Posted by: norapillard | June 17, 2011

Why I Ride 8 Hours in the Back of a Pickup Truck – A Trip to Waslala

Wil and I hiking through coffee fields in Waslala

By Nora Pillard, Water for Waslala Vice President

Two weeks ago, my husband, Wil Reynolds, and I were able to travel to Waslala.  For me, this was the longest period of time — two years! — that I had been away from Waslala since I took my first trip in 2002.

We only had a few days in Waslala, but we were able to visit El Guabo, where water system construction is currently underway.  When we arrived in the morning, community members were already hard at work.  On the day of our visit, there were more than ten community members digging trench line (including two women).

It was a blazing hot day and I could barely manage to stand in the sun for a few minutes at the time.  The community members had been digging the trench line since 6 am and would continue digging until 1 pm before heading home to eat lunch and cool off.  As community members worked, a woman from a nearby house came out to offer us chairs in the shade and fresh cut watermelon.

Members of El Guabo digging the trench where the pipes will eventually be laid.

In El Guabo, the community members have been digging the trench line for nine weeks! The community has organized itself into three separate groups and each group commits to spend two days per week working on the system until completion.  If a community member misses a work day for sickness or any other reason, they make up a day with one of the other work groups.

After they finished digging for the day, we were able to chat for a few minutes before everyone headed home.  When we asked a few folks how many days they had spent working on the trench line, they could each answer quickly- 25 days, 23 days, etc.  It is hard to imagine spending 25 days committed to grueling manual labor for no pay.  El Guabo community members have dedicated themselves to this work for access to drinking water and the well-being of the community as a whole.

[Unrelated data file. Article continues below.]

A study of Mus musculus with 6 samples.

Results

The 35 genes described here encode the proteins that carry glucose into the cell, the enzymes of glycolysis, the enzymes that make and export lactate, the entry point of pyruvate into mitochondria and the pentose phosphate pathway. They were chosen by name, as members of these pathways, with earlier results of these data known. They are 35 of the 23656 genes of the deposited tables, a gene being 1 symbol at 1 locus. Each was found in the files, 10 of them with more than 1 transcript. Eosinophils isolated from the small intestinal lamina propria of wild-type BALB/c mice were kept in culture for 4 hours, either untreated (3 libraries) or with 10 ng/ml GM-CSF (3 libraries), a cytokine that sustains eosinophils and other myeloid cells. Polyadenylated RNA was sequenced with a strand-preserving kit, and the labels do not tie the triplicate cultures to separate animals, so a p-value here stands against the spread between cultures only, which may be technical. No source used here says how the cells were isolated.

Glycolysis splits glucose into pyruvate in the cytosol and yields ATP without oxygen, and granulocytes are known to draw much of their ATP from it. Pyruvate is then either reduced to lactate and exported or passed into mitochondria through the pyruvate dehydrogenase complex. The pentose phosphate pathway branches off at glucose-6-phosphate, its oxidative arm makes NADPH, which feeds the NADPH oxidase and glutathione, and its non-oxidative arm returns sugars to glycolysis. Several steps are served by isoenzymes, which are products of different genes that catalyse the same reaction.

During our visit to El Guabo, we were able to observe not only the organization and commitment of the community members, but also the work of our Water for Waslala team.  I left Waslala with great confidence and excitement about our team on the ground!

Iain Hunt, our project manager, brings with him great experience and new perspectives and ideas to push us in new directions and keep us learning as an organization.  After only four months in Waslala, I saw Iain totally immersed in our work. It was clear that he had quickly established relationships with our local partners and many community members.

The Waslala team: Denis, Virginia, Iain, and Nora

It was evident that Virginia, our director of community outreach, had facilitated Iain’s adjustment and immersion in Waslala.  It was wonderful to observe Virginia interacting with community members- she knew every person’s name and it was clear that she has developed close relationships and trust with people both in town and in the rural communities.  It was impossible to walk through town without stopping every few steps as someone called Virginia’s name and came running to chat with her.

I feel so lucky to work with such amazing individuals as we continue to push ourselves to continually learn and improve our work!  We could not have better people to represent the work of Water for Waslala!

Last, but certainly not least, it was so great to see old friends, catch up over a slice of pizza and a beer, and laugh as we rehashed old stories from past trips.